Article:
Dr. Steve Furr’s Speech to the AAFP Congress of Delegates
It is time.
We can no longer afford to choose our elected leaders on the basis of a canned seven minute talk and the answers to questions that have been pulled from a cardboard box. We need hard scientific evidence to inform our decision. That’s why today, at this first in person meeting of the Congress of Delegates in three years, we are going to make history. With the help of the proprietary company 22 and You, of which I am the CEO and chief medical officer, we are going to release unbiased genetic data on the candidates for president elect so at least you can have an awareness of their genetic predispositions.
To make sure that we had an adequate sample size we are also going to include comparative information from some of our past and current leaders. Aware that this mountain of information might be overwhelming for some of you who labor under administrative burden, it should give you some comfort to know that I have sacrificially reviewed this data and will only release to you the impartial information that I think you need to know. That’s just an example of one of the reasons why our company is touted for its full transparency.
Dr. Andrew Carroll has a dominant passion gene. He has a passion for family medicine. It inhabits every cell of his body and exudes from every pore of his skin. If chosen, he will lead you well.
Data from two of our distinguished past presidents confirms the validity of our research. As we expected Dr. Gary LeRoy a.k.a. Marvel moon has a strong comic book hero gene.
Certainly no one was shocked to discover that the data shows that Dr. John Meigs has a dominant history gene. In the vernacular of his native Alabama, Dr. Meigs would be described as “ate up with history.”
For those of you who have wandered into the hotel gym very early in the morning you would realize that Dr. Ada Stewart has the running gene. Now AAFP Board members are well aware that Dr. Stewart is an accomplished cat whisperer. However, our research conclusively shows it is actually Dr. Tochi Iroku-Malize who possesses the coveted 9 lives gene. And it’s a good thing because at last count she is now down to seven lives.
The most exciting discovery from our data is a gene that heretofor has not been described. It modulates the neurochemical impulses from the brain to the torso and extremities in response to rhythmic sounds such as music. It allows the body to move in a coordinated and pleasing manner. The lack of this gene can lead to body movements in response to music that can best be described as disturbing. We call this gene the rhythm gene. Unlike other genes which are either dominant or recessive this is an all or none gene. You either have it or you don’t.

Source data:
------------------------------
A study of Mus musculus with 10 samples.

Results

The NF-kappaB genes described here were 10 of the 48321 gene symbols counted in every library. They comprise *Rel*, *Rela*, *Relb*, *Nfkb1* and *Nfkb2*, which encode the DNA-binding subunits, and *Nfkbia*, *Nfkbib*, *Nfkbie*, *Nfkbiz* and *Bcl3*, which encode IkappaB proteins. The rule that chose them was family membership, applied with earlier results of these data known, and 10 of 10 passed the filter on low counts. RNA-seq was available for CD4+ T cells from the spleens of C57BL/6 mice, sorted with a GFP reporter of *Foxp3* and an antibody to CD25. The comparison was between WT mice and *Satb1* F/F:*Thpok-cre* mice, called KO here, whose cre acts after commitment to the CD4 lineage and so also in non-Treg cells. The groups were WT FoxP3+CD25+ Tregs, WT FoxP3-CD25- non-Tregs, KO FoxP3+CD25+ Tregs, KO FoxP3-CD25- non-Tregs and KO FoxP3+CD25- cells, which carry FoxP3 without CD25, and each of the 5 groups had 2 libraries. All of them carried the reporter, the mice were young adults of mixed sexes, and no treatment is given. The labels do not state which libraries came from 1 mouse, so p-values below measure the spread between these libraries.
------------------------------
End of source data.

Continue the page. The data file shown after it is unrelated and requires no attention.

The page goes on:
Dr. Furr ain’t got no rhythm gene.
Not an iota.
Now before you start to throw a pity party for Dr. Furr because he ain’t got no rhythm gene I need you to understand that in the past I have been to a number of these Wednesday night delegate dinners where not infrequently a band will strike up and a number of you will get up and do something that we loosely call dancing. I have iPhone video evidence that a number of you ain’t got no rhythm gene. And you wonder why your TikTok account has been frozen. That’s what we call in detective work a clue, a clue that you ain’t got no rhythm gene.
What do you do when you ain’t got no rhythm? When it seems like life did not give you all the advantages that others seemed to have received. Or there’s a voice that keeps telling you you’re not worthy. That there may be something is missing. What do you do?
On a number of occasions I have stood at a podium like this, whether for the eulogy of a university president or the dedication of a beautiful building. On the left of the podium would be words that I had written. On the right would be a script prepared by a public relations professional. It would be perfectly timed, grammatically sound and politically correct. As I would approach the podium a voice in my head would say, “Don’t take any chances. Play it safe. No one will criticize you for using the words on the right.” Always at the last moment I would reach out with my left hand and and reply to that voice in my head,” But no one will remember those words on the right because they are not my words. But just perhaps someone will hear and understand my words and know that I put my heart and soul into them and that makes all the difference.”
Milan Kundera said
“When the heart speaks, the mind finds it indecent to object.”
Passion will fade. Rhythm and natural ability will only get you so far. They may get you to the first dance but it is the strength and rhythm of the heartbeat that makes sure you’re there for the last dance. And that’s the one that counts. At the last dance family medicine shows its heart and its passion.
I’m not the same person you elected three years ago. I’ve seen way too much death. Like you I’ve stood in the gap and I’m confident that we also have saved more lives then ever before.
As specialists, as scientists we know the numbers and understand the science, but we also know our patients names so that when we speak of what we know with our heart the world will find it indecent to object.
I understand now better than ever our place in this world.
With a deeper clarity than ever before,
I know that the answer to all of the questions that might come out of that cardboard box is us. You and I. Family Medicine.
It may or may not be in my genes but I know I will be a Family Physician until the last beat of my heart. I am confident so will you.
That is Strong Medicine for everybody.
It is time. Together with heart, passion and maybe even a little bit of rhythm we can and will make a difference.
It is time.They need us now more than ever.
Steve Furr will serve you well. It ain’t what he does not have that counts.